National Fire Service cap badge


This cap badge belonged to my grandfather. During the war he volunteered to join the armed forces, but because he had no sense of smell he was turned down and told to enlist with the fire service instead (it never made sense to me either).

He was on duty in Liverpool and Manchester during Luftwaffe bombing raids. Liverpool got it worse than anywhere outside London (though Hull is often said to have been the most bombed city after London). Over 4,000 people killed, and nearly half of them during the week long ‘May Blitz’ of 1 – 7 May 1941.

Of these attacks, Wing Commander Guy Gibson (the man who led the Dambusters raid) wrote in his book ‘Enemy Coast Ahead’
“The last few nights Liverpool had got it badly. The fires that were started, despite the valiant efforts of the NFS, were still burning the next night, and all the Hun had to do was aim at these.”

Gibson’s book was written while war was still raging, in 1944. After the war, my grandfather said that he and his pals had orders to ignore the burning buildings and make straight for the docks; they were told to save the ships at all costs. Which probably explains why Gibson saw the city still burning the day after.

Guy Gibson did not survive the war. His de Havilland Mosquito crashed at Steenbergen in the Netherlands, 19 September 1944.

Off duty and in Blackpool, Autumn 1941. My mother in the pram. Trip to the seaside after the May Blitz on Liverpool. It was during the blackout, so there will have been no illuminations of course!

Blackpool 1941 - Robert aged 35, Maria aged 30, my mum in the pram.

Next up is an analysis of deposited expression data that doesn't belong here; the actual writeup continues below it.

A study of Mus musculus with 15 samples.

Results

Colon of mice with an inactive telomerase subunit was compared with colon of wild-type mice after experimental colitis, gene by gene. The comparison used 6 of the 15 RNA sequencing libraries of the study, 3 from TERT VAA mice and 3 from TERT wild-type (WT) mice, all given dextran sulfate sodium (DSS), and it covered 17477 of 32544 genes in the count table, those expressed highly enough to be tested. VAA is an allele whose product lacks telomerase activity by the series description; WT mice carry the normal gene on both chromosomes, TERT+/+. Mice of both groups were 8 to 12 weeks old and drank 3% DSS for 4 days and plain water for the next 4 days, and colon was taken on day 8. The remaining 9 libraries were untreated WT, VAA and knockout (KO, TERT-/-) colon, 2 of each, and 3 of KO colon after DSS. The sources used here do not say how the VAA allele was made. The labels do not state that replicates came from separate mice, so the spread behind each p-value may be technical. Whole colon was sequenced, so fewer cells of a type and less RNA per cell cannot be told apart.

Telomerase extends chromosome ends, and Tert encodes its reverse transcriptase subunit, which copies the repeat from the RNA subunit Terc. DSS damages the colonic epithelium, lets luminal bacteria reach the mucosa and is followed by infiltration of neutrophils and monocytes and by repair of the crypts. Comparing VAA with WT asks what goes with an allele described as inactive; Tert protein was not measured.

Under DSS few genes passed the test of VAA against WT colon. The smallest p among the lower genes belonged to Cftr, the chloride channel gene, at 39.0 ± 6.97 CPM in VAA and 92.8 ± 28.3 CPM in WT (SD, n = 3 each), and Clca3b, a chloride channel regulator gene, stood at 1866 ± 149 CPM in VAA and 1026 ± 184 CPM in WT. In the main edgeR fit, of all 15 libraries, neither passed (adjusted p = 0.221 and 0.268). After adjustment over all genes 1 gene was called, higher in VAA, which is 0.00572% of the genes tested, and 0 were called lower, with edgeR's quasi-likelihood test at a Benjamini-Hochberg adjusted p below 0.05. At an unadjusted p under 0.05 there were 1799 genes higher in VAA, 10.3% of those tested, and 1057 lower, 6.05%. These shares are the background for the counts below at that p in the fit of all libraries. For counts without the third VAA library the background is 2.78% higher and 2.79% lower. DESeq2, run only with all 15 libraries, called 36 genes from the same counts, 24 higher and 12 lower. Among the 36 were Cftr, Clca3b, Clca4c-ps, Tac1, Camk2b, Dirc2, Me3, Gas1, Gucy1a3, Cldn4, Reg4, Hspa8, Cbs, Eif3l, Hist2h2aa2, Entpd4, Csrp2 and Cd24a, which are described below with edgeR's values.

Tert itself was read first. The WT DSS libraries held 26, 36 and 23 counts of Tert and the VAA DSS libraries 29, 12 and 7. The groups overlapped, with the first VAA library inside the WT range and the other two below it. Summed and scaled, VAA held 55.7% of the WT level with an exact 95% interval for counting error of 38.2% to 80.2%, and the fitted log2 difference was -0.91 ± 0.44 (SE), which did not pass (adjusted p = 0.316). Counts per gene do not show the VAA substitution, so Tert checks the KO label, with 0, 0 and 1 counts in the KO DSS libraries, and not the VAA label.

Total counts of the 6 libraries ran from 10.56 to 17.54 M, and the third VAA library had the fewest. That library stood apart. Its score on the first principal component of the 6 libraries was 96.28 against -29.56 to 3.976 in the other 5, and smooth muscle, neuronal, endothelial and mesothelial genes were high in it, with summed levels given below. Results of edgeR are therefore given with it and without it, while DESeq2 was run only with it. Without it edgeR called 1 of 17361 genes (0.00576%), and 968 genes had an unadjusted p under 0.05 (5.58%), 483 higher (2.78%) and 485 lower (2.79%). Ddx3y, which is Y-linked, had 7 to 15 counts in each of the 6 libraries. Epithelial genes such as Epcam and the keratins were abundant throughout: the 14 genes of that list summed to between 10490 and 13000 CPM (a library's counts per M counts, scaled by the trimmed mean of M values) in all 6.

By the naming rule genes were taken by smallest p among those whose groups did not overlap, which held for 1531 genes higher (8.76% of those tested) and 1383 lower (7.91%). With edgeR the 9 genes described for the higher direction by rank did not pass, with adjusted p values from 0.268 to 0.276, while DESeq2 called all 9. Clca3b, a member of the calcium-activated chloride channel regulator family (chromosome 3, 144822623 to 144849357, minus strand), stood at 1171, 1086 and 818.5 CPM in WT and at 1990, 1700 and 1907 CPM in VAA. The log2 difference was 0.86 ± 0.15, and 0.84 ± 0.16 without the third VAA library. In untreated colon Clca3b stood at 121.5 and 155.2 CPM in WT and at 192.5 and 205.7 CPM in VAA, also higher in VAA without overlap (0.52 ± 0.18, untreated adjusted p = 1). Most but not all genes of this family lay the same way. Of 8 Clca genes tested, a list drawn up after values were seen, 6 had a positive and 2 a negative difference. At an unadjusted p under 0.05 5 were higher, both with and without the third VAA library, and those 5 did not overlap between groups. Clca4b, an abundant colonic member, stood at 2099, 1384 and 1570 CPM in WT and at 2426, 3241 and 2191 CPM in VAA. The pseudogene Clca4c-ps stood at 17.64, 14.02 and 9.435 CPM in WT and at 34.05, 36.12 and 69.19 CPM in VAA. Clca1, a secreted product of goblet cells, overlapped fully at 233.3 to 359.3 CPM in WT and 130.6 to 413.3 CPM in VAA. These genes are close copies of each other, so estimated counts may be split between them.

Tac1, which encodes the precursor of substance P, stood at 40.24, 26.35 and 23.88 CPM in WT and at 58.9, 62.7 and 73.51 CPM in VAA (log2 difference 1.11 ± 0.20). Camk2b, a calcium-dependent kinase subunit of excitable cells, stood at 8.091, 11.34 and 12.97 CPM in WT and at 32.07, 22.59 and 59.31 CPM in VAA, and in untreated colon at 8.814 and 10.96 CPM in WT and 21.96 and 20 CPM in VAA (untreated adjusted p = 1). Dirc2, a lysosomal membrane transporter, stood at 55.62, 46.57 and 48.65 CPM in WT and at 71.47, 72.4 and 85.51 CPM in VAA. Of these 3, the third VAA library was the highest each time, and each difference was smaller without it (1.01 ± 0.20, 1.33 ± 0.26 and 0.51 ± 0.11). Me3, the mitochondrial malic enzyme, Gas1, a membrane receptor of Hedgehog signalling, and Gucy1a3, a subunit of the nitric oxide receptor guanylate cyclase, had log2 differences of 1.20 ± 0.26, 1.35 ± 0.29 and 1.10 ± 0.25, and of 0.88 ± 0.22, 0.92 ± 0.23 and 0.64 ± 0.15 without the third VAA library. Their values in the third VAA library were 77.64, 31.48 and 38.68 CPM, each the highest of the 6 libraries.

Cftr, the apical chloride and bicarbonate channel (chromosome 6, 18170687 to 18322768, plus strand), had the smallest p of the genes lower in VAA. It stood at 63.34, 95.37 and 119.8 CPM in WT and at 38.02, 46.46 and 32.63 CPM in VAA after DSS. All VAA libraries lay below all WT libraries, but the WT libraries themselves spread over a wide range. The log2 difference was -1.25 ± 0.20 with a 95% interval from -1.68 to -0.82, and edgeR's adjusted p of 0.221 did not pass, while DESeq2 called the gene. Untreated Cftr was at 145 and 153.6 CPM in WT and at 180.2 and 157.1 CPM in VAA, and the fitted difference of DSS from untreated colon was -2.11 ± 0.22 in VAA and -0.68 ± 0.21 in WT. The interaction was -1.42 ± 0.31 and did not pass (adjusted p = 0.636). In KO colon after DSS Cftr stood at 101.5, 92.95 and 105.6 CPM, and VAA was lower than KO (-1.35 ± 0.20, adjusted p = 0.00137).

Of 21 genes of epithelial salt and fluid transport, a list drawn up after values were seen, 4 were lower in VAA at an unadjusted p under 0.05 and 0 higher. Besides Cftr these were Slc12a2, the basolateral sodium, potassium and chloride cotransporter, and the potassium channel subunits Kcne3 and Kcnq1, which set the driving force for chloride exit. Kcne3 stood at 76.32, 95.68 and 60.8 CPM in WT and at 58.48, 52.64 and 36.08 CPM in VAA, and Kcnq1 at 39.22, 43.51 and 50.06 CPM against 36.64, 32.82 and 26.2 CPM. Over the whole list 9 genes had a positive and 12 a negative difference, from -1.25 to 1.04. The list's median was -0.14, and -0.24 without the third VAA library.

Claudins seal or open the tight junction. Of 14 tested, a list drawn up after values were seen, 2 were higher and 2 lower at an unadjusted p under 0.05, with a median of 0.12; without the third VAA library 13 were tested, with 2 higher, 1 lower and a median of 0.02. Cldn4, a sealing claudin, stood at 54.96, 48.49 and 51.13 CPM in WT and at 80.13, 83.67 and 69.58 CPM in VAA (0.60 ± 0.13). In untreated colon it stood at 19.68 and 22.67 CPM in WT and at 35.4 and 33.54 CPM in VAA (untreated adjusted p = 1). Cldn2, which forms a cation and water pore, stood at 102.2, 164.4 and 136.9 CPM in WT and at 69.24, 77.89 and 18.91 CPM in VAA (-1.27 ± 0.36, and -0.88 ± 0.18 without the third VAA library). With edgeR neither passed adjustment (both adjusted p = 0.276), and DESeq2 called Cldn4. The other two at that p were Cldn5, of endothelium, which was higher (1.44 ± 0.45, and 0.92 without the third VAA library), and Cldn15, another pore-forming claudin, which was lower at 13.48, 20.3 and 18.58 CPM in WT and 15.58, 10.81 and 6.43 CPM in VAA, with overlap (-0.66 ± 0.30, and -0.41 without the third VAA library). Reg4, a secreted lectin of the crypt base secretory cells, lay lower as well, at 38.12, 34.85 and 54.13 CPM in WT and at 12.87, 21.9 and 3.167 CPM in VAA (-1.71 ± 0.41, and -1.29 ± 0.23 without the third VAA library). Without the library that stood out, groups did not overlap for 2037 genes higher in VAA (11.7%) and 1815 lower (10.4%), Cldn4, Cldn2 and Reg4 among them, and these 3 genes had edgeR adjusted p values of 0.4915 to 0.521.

14 comments on “National Fire Service cap badge
  1. Neal. says:

    I used to have a Firemans helmet from the war, same shape as the tin hats but this had leather wrapped round it. No sense of smell is a strange one, maybe they thought gas would be used again.

  2. pasujoba says:

    Great shot Ian , you were right it is different .
    Do you recall me telling you that my father also served in the NFS in Liverpool during the war. He too had a similar badge but I didnt know what it was till now .

  3. het broertje van.. says:

    Wow, very impressive story, "at Steenbergen" of all places!!!!

    Great stuff here Ian………………..and thanks man.


  4. Tech Owl says:

    Fantastic shot of the badge Ian – lovely notes to give a personal touch as well

  5. mick cooke says:

    great story and great photo of the badge,,
    always great stories to go with your photos

  6. Keartona says:

    Fascinating bit of history with a personal touch… and great composition too.

  7. andyholmfirth says:

    This really is a striking photo Ian.Insightful bit of family history too.

  8. Kingsdude/Dave says:

    Nice composition Ian and a great background story

  9. redrocker_9 says:

    Excellent presentation here Ian, very striking.
    I always enjoy the history with your shots too ^.^

  10. Kingsdude/Dave says:

    Some interesting theories Ian about Gibsons fatal crash in the Netherlands ranging from a fuel problem to them being shot down by German gunners after attacking a train on their trip home – don`t suspect the real story will ever be established now ?

  11. Billy Currie says:

    Fantastic story and as always, great interesting information.

    You must be very proud to have the badge, something to keep for ever.

  12. jr55 (John Richardson) says:

    Great image, and a history that must make you proud.

  13. Pleasureprinciple2012 says:

    So much history in that little badge, you must be very proud to have it. It’s also an excellent way that you have taken the shot, suits the subject very well.